It requires a high level of strategy to defeat an opponent in chess. And that’s exactly what retired journeyman electrician Brian Luoma loves about the game.
“To me, it’s like a lot of miniature little puzzles,” Luoma said. “In chess, I like to see and figure out what you’re doing and answer to it. It’s just the mental aspect of it.”
Luoma first developed a passion for chess during his childhood. When he moved to Niles in the mid-1990s for his electrical career, he returned to the chess scene.
“I saw an ad in the paper for chess club,” he said. “I thought, ‘That’s something I’d like to try.’ I went and got kicked around pretty hard. Those guys were pretty good. I just kind of learned and started playing in chess tournaments.”
One particular tournament he will always remember was the Ohio Open in the late 1990s, where he tied for first place.
“After I finished my last round of that tournament, the tournament director told me not to leave because I had money coming to me,” Luoma said. “I won around $120 bucks. It was quite unexpected but I was happy.”
Luoma had to put a hiatus on chess playing in early 2010 when he traveled for work. When the economy picked back up, he returned to playing in chess clubs and on the tournament scene.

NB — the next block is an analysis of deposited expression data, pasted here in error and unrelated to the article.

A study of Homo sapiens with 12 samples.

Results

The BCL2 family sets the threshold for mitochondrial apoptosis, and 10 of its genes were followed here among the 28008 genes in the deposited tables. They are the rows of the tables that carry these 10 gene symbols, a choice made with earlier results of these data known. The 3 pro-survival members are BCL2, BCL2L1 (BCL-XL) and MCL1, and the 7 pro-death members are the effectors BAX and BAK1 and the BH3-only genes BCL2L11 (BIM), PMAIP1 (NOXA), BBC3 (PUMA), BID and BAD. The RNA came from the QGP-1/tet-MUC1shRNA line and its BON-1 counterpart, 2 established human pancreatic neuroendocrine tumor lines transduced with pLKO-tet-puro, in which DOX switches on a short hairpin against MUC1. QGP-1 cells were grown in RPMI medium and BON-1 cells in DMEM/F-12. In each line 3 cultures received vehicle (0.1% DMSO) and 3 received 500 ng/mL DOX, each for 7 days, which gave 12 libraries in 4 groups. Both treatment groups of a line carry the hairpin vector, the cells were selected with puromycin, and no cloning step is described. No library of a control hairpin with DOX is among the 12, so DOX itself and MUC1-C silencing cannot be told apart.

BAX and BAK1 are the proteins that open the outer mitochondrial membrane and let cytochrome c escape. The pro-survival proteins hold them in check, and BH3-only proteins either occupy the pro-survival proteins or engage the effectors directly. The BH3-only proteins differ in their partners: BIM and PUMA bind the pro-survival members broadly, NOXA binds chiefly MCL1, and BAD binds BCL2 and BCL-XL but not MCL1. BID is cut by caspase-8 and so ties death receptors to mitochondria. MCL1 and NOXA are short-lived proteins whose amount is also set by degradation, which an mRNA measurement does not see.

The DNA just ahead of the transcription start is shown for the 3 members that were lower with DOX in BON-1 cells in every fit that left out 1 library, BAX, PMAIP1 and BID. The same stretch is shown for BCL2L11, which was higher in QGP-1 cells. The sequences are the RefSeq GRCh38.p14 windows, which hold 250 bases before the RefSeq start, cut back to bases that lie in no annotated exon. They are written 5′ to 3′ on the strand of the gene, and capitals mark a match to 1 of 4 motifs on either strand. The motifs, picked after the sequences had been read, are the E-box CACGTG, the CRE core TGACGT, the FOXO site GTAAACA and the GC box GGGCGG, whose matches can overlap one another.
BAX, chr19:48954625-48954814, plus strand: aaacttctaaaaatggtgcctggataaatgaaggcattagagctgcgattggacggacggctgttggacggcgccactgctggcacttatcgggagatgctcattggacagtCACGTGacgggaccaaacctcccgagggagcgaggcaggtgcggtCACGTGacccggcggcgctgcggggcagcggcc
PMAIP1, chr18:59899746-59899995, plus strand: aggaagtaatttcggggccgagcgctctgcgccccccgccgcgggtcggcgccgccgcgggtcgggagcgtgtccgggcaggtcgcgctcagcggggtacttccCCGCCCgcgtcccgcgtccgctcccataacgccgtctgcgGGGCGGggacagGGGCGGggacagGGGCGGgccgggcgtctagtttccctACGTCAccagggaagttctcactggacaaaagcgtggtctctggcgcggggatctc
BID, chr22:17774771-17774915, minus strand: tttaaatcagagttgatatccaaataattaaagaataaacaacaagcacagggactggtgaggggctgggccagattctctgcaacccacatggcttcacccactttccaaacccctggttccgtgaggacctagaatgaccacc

Now in his retirement, Luoma enjoys using an electronic chess board with real-time moving pieces that allows him to play different people from around the world based on skill level.
“When we play, it draws attention,” he chuckled. “People will come up and stand over the board to watch. It’s an interesting thing to see work and move.”
When asked if there’s one chess player he’d love to play from the past, Luoma had an interesting response.
“Definitely Humphrey Bogart,” he said. “He used to earn money playing chess before he was famous. I’m a Humphrey Bogart fan as an actor. If I could play anybody in history, that’s who I’d play.”
While in junior high, Luoma knew he wanted to pursue a career in the electrical trade thanks to a curiosity about how circuitry worked.
“Like how a three-way or four-way switch works. It was that kind of thing that got me interested in wanting to learn how to do it.”
After starting with a non-union electrician shop, Luoma became a commercial electrician apprentice through the Warren Electrical JATC in 1996.
Throughout his 23 years as a journeyman electrician, Luoma worked on many interesting projects, though none greater than a nuclear power plant in Beaver, Pa.
“That was just awe inspiring. It’s so neat, it’s just beyond words.”
Looking back on his career, Luoma reflected on what he enjoyed most about the electrical trade.
“One of the greatest things is you’re not stuck working in the same place every day for 40 years,” he said. “You work a month here, a month there or spend a year on a project. You’re constantly moving and dealing with different types of electrical.”